An Italian court ruled that an Eritrean accused of being a human trafficking kingpin known as "the general" was telling the truth when he claimed it was a case of mistaken identity.
An Italian court ruled on Friday that an Eritrean man extradited from Sudan in 2016 was the victim of mistaken identity and dismissed allegations that he was a ruthless, human-trafficking kingpin.
However, judges ruled that the defendant was nonetheless guilty of abetting people smuggling and handed him a 5-year prison term. Because he has already spent three years behind bars, the court said he could be freed.
The verdict represents a setback to both Italian and British investigators who worked together to secure the arrest of the man who was identified in court as Medhanie Yehdego Mered — a notorious Eritrean smuggler nicknamed "the general."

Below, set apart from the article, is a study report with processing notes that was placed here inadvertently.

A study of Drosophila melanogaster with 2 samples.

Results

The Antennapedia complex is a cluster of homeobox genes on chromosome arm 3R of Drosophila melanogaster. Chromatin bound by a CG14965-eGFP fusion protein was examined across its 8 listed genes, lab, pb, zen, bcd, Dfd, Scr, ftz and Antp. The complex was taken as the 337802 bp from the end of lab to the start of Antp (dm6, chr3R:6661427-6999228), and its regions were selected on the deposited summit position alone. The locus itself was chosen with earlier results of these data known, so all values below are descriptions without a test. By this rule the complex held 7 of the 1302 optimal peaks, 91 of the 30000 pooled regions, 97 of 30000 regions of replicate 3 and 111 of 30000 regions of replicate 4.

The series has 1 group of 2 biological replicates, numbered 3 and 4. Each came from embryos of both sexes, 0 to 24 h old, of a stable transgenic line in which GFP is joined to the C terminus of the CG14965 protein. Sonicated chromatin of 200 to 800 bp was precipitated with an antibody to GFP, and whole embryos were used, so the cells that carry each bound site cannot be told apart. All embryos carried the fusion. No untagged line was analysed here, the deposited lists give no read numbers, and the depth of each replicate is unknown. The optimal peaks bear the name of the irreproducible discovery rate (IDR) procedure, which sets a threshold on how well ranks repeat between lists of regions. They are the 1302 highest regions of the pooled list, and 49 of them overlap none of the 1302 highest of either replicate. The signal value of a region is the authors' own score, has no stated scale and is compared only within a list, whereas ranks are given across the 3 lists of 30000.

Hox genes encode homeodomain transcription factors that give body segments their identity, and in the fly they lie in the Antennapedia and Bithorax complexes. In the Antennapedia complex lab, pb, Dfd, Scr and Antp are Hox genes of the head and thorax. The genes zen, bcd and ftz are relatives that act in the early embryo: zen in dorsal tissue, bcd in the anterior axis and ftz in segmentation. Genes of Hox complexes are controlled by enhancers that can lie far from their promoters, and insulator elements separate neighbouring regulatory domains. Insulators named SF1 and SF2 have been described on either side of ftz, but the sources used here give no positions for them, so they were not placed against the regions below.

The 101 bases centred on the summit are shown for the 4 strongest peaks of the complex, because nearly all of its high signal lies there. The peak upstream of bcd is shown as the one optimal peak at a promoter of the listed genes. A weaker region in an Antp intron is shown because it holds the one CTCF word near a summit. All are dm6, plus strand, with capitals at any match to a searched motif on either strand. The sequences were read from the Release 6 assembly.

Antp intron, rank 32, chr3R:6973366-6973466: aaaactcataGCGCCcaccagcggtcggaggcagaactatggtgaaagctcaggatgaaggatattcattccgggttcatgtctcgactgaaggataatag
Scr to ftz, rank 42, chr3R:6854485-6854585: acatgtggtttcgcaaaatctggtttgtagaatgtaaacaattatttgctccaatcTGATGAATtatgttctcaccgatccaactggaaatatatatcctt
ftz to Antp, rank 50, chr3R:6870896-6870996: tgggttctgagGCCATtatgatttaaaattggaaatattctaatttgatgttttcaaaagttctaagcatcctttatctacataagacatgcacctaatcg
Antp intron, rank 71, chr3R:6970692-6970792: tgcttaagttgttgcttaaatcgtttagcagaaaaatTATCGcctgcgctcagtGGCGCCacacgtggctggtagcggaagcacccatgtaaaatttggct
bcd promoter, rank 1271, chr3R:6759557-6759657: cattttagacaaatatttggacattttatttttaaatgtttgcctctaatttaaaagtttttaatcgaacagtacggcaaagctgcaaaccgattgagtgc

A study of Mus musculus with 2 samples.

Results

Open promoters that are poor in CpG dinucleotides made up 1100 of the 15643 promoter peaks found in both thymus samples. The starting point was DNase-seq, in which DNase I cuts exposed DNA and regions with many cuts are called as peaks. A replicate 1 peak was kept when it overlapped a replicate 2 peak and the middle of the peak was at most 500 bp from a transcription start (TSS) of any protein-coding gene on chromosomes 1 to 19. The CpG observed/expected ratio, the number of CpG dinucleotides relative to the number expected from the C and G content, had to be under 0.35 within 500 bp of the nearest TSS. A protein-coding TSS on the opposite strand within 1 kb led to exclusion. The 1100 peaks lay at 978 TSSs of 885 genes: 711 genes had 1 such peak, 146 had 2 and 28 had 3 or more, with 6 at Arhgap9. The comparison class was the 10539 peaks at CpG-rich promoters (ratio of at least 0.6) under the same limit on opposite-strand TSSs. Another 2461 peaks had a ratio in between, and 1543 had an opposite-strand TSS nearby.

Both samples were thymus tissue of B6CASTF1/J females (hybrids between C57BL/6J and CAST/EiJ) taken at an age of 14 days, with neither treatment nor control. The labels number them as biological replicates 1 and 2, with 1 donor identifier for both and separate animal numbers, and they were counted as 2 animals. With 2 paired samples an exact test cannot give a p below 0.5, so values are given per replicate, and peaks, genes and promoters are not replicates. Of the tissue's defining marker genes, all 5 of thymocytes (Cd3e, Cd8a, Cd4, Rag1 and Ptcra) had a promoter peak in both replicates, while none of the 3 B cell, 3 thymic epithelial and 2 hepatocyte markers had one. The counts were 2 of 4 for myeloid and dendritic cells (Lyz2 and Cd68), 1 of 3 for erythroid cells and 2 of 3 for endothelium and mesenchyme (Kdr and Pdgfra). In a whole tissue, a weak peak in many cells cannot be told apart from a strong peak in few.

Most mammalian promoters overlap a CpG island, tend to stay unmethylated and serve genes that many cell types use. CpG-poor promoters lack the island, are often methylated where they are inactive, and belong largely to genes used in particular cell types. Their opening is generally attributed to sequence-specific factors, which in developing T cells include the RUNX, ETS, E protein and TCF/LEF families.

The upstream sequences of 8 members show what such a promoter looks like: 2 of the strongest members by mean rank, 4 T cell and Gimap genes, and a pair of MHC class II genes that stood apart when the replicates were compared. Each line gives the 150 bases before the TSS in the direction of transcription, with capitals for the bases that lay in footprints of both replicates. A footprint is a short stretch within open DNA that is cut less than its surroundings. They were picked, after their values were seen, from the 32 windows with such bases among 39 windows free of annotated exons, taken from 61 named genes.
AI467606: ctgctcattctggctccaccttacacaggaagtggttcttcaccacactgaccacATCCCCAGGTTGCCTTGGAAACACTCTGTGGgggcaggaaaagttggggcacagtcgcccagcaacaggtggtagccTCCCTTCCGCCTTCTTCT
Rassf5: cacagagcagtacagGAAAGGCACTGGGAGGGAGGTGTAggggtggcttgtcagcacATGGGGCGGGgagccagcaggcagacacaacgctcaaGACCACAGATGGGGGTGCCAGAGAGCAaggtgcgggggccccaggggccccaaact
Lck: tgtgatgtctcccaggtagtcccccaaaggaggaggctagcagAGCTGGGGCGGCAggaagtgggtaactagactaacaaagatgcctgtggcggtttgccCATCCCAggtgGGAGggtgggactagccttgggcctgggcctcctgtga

Both countries hailed his capture at the time as a rare victory in the battle against human trafficking. But he always insisted he was an impoverished refugee called Medhanie Tesfamariam Behre with no criminal background.
"The court has accepted our position. He is not 'the general'," Medhanie's lawyer Michele Calantropo told reporters outside the Sicilian court where the verdict was handed down.
He said his defendant would appeal against the guilty verdict for the lesser offence and wanted to stay in Italy.
"Today we have applied for asylum for him," Calantropo said.
Some of Mered's alleged victims had testified in court that they did not recognise the arrested man, while relatives of the alleged smuggling mastermind also said it was a case of mistaken identity.
However, Italian prosecutors Calogero Ferrara and Claudio Camilleri insisted during proceedings, spaced out over three years, that the right man had been caught, thanks partly to the help of Britain's National Crime Agency.
At the time of Medhanie's arrest some 360,000 migrants had crossed the Mediterranean Sea to Italy in just two years, with many hundreds drowning while trying to reach Europe.
The number of migrant crossings has since risen above 600,000, but the flows have slowed dramatically over the past two years as successive governments in Rome have cracked down on people smuggling.